Monday, August 22, 2011

The Meaning of the Riots by Roshan Kissoon

Democracy and Class Struggle is pleased to publish the thoughts of Comrade Kissoon on the Uprising in Britain.

The riots in England recently have shocked the country; and quite rightly; for they are a warning of what will come. All the drivel about one happy country united in celebration over the royal wedding has been blasted away.

The slaying of Mark Duggan by the shot of a policeman in Tottenham was the spark, the riots were the fire. The light from the fire revealed the society in a somewhat unusual light; a snapshot of Britain from a strange angle sent around the world. Let me explain:

1) Riots and looting are not supposed to happen in first world countries. Riots are only supposed to take place in third world countries. Riots in the UK and France signal that first world societies are changing toward something more traditional, more akin to the 19th century ‘Victorian’ social model, more akin to societies in the third world. That is: an openly class divided society, with educated wealthy elite, and an uneducated poor majority.

2) For instance, in most third world countries, as in pre-WW2 Britain, higher education is only for the wealthy and the elite; it is not for all. In the New Britain, it seems higher education will again be just for the wealthy and the elite. The post-war European ‘social democratic model’ is collapsing and, it seems, we are reverting to an earlier social model; this is the meaning of ‘the cuts’; viewed from another angle, it is the loss of certain ‘first world privileges’.

3) It is getting somewhat unbelievable that we really live in a democracy and that voting for one party or another will make much difference. I will not seek to prove this, but only say that is what people feel. No silly gimmicks such as online voting will make any difference, when all the parties are, at bottom, the same. There is no popular confidence in the ‘democracy’ the UK is exporting around the world at gunpoint.

4) A creeping authoritarianism has overtaken the country; we seem to be subconsciously sliding into a particularly British and peculiarly technological kind of police state (Alan Moore’s ‘V for Vendetta’ comic book captures this perfectly). I do not say we are there yet, but to get to a police state from a ‘normal’ liberal democratic state is not a quick affair. It takes a number of steps -let us say seven steps-and we are perhaps on the third step.

5) Consider: In Cardiff, the Anarchist group was infiltrated by an undercover policeman; a sinister government agency called ‘Prevent’ spies on refugee and Muslim communities; every mile of London is under 24/7 CCTV surveillance; armed police wander around London with dogs ready to ‘stop and search’ anyone who may look suspicious, a disproportionate number of whom are young black men. In the university, lecturers and academic staff are supposed to be on the lookout for ‘extremists’; the Metropolitan police is asking people to report Anarchists to the police. There are even plans for the police to use unmanned ‘drone’ spy planes, as used in Afghanistan, over mainland Britain. And who knows what kinds of cyber spying takes place? Everything is already set up for a police state; just a few more steps...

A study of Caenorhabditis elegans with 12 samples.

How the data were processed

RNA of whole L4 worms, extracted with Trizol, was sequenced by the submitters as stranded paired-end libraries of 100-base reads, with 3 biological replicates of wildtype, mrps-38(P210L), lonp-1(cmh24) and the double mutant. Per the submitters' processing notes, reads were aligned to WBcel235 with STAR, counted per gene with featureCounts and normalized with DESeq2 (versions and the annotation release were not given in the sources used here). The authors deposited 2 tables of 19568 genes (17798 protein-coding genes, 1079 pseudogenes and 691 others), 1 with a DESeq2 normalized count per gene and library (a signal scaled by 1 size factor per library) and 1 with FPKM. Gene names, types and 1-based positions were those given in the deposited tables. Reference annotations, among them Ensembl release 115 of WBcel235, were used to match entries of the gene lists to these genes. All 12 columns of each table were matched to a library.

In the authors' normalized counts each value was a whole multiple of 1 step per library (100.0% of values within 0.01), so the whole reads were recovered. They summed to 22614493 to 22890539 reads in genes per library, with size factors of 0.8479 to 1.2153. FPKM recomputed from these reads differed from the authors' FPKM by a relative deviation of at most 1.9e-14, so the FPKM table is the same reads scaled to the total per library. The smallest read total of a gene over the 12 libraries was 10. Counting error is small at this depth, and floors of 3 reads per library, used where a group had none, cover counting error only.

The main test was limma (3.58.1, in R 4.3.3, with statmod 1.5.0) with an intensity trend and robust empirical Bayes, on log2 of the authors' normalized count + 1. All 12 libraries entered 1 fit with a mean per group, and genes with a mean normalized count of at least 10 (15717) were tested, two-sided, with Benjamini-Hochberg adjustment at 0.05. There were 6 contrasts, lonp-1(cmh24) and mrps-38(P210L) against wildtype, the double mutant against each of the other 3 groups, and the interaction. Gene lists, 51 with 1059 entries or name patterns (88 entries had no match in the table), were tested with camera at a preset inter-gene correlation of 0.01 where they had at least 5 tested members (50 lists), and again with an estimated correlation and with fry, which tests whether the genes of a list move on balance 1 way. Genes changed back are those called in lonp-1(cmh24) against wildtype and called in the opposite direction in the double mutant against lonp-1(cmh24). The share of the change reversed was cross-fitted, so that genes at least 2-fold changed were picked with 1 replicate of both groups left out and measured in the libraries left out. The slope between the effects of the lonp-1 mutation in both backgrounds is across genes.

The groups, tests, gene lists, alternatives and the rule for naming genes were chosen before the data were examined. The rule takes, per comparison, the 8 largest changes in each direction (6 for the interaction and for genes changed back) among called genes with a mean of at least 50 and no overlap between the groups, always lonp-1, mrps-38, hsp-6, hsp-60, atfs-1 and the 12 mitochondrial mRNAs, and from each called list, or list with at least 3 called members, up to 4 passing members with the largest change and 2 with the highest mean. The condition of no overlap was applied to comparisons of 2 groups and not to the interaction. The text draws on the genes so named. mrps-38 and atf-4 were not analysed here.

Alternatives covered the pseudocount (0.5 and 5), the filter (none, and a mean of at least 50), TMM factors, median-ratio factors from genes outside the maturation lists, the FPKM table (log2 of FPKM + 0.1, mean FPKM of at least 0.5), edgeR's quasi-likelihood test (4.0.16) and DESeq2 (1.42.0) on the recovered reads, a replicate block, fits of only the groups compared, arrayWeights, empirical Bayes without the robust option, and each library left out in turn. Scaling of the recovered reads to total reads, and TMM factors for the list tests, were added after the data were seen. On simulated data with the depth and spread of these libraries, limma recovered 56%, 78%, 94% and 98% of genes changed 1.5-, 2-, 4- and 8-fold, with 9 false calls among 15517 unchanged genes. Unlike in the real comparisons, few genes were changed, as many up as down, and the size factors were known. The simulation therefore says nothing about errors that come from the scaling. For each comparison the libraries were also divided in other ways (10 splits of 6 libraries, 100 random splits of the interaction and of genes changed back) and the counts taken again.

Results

6) These steps have been justified by the threat of terrorism. The reverse side of unpopular foreign wars is the popular loss of civil liberties. A wise man said: “A nation that oppresses another is itself not free.”

7) The society preaches consumerism and the acquisition of material goods as the highest good, and is shocked when some people try to acquire those goods without paying for them. The people are drenched in consumerist propaganda from an extremely early age, young children know advertising jingles before they even know the alphabet or the times table.

8) It is not just poverty and lack of opportunity that cause riots, but there is something about life in advanced capitalist countries that makes people angry and aggressive even if they have money and opportunity. It is not just poverty but poverty in the midst of so much wealth and so nearby.

9) Since Thatcher, the society has been depoliticised and atomised to an alarming degree. People are not taught to think politically; there is no sense of community. This is the difference between the UK and other European societies such as Greece, where everyone seems intensely political. So we should not be surprised that a revolt of the young will have no political ideology. However, without a coherent political ideology, without any clear demands, the rioters are not able to state why they rioted and what they want; politicians can interpret the riots in ways that suit their interests. The interpretation of the riots, what they mean for the country, is therefore also a struggle of conflicting interpretations made by left and right wing commentators and pundits, because the rioters themselves have not been able to articulate coherent demands.

10) The now open class divisions in society should allow the radical left to widen its sphere of influence and become a real force in British politics. But only if it can get its act together.

1 comment:

cb said...

Clear article free of hackneyed left wing jargon ubiquitous in left literature.
The last point is somewhat revealing of the authors convictions about his fellow travellers; a false consciousness as I see, to believe in a 'radical' left that is detached from common lot and also somehow from ongoing transformations all around the world, who would rise from its deathbed whence it finds its act together and be reborn to fight the last battle to beat the evil empire.